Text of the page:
Amid all the year-end listicles (that’s list + articles) and predictions, I neglected to include my look ahead to the year in journalism, 2016 – Daily Sun-style.
Unlike the New York Times, we’re not going to be pushing virtual reality projects, the kind with 360-degree, immersive video. That doesn’t mean VR won’t eventually come to Flagstaff. But I’m still trying to figure out how to assemble the cardboard viewing headset the Times sent me.
And unlike the Washington Post, we won’t be posting a lot of videos and galleries to Facebook’s Instant Articles platform, even though the move helped the Post surpass the Times in online readership. I will remind Daily Sun Full Access subscribers, however, that they received a free, one-year’s subscription to the Washington Post online – just in time for the 2016 election cycle.
So what will the Daily Sun be doing in 2016. There are plans afoot for not only an upgrade to our website that emphasizes more graphic elements and interfaces. But we’ll also be looking at tweaking our print design, too. The latter is less complicated than the former but a lot more intimidating – print readers are known for their loyalty to a specific look and feel in their hometown paper, so we’ll be treading carefully before tinkering too much.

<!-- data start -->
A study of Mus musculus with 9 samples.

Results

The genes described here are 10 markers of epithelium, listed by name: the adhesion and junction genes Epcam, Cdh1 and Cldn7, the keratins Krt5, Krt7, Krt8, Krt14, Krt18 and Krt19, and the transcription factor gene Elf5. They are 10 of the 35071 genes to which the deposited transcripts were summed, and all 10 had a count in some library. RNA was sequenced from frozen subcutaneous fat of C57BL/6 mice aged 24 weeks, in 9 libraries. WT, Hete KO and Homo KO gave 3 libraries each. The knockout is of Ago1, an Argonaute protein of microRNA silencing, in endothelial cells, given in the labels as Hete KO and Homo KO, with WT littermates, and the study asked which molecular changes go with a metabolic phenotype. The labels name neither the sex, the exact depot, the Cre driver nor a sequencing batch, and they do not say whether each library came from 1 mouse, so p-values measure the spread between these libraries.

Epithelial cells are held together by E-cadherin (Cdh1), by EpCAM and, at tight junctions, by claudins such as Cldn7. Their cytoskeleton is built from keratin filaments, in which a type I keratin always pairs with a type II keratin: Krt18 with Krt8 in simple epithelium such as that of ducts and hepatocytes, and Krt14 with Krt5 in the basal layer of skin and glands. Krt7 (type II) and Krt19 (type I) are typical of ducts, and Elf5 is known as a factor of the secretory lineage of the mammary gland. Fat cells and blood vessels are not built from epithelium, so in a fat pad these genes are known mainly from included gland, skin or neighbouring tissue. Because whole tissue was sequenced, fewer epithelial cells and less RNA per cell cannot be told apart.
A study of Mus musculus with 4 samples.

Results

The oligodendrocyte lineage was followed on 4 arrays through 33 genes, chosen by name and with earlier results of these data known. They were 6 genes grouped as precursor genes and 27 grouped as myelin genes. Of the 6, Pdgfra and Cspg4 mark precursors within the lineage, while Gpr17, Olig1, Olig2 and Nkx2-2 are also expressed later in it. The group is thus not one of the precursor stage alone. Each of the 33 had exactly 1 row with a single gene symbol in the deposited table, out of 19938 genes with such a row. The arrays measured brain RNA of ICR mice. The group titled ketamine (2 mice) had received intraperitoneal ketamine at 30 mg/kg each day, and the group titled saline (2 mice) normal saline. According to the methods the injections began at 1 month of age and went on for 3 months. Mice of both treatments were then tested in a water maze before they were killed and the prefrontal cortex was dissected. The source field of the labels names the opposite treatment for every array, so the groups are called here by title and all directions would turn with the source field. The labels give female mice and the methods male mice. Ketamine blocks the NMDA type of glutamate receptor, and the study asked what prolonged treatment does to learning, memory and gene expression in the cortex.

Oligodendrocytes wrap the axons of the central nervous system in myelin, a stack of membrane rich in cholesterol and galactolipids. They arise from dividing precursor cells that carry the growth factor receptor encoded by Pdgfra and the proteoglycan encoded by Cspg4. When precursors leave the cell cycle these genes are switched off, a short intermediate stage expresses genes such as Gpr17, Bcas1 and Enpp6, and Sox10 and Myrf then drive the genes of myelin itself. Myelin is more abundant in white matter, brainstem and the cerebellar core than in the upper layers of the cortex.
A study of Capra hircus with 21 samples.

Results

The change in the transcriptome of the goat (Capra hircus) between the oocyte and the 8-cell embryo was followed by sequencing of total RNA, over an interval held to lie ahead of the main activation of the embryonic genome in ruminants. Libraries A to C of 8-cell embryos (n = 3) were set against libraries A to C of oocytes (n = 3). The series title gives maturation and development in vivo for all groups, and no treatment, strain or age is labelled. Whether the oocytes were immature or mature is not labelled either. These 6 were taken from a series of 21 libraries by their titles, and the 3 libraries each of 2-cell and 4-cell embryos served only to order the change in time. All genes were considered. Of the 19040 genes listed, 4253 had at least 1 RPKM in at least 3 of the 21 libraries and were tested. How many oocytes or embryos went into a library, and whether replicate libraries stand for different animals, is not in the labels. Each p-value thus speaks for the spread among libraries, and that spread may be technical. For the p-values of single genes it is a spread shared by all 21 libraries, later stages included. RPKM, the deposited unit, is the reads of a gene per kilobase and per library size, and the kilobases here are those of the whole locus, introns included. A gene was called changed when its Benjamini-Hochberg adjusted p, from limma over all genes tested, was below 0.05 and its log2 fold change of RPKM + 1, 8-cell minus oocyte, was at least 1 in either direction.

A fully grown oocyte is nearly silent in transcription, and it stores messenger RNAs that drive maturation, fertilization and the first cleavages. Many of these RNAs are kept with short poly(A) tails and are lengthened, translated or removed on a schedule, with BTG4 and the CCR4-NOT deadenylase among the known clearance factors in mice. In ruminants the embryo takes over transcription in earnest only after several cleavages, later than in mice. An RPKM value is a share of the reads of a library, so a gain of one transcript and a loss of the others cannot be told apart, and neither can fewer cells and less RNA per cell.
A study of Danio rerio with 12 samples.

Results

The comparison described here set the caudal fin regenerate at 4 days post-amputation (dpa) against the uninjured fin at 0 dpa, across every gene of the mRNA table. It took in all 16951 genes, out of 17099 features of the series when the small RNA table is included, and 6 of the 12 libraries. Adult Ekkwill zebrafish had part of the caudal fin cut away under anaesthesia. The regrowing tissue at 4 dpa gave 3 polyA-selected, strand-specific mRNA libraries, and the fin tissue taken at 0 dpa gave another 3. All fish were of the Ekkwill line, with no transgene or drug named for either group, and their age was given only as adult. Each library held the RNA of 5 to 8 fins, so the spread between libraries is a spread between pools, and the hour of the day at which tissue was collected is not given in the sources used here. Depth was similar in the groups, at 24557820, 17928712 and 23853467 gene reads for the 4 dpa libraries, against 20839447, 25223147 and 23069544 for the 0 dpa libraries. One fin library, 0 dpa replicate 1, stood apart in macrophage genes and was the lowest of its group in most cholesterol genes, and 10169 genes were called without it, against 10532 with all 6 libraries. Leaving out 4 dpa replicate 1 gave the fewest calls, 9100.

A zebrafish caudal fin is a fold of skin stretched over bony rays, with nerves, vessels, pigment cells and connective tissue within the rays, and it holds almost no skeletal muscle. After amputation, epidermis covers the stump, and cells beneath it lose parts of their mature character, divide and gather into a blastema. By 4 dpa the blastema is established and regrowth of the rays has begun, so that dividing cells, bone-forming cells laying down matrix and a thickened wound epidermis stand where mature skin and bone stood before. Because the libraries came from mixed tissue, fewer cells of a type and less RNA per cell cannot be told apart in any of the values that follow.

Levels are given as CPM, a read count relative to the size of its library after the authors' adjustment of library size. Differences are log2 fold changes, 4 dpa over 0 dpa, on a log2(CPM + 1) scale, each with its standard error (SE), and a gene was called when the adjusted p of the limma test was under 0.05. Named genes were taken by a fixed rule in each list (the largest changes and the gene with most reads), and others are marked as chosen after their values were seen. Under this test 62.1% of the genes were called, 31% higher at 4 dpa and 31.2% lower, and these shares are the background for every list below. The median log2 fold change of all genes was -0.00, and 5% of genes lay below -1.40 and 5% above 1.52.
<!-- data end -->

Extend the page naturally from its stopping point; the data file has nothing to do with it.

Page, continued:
We have to get better at integrating our storytelling -- the heart of most journalism – with those new mobile entry points, even if eventually we bring readers back to print and the homepage for the longer, more in-depth reads. The local elections will give us a chance to put the voices of more newsmakers – literally -- alongside our digital text stories. As an example, check out the audio today with Emery Cowan’s story on Kara Kelty’s humanitarian mission to Greece.
So 2016 for journalism in Flagstaff will be one of change in how you receive and experience your news. We’ll have a new president by the end of the year. And the Daily Sun, in all likelihood, won’t be the same, either.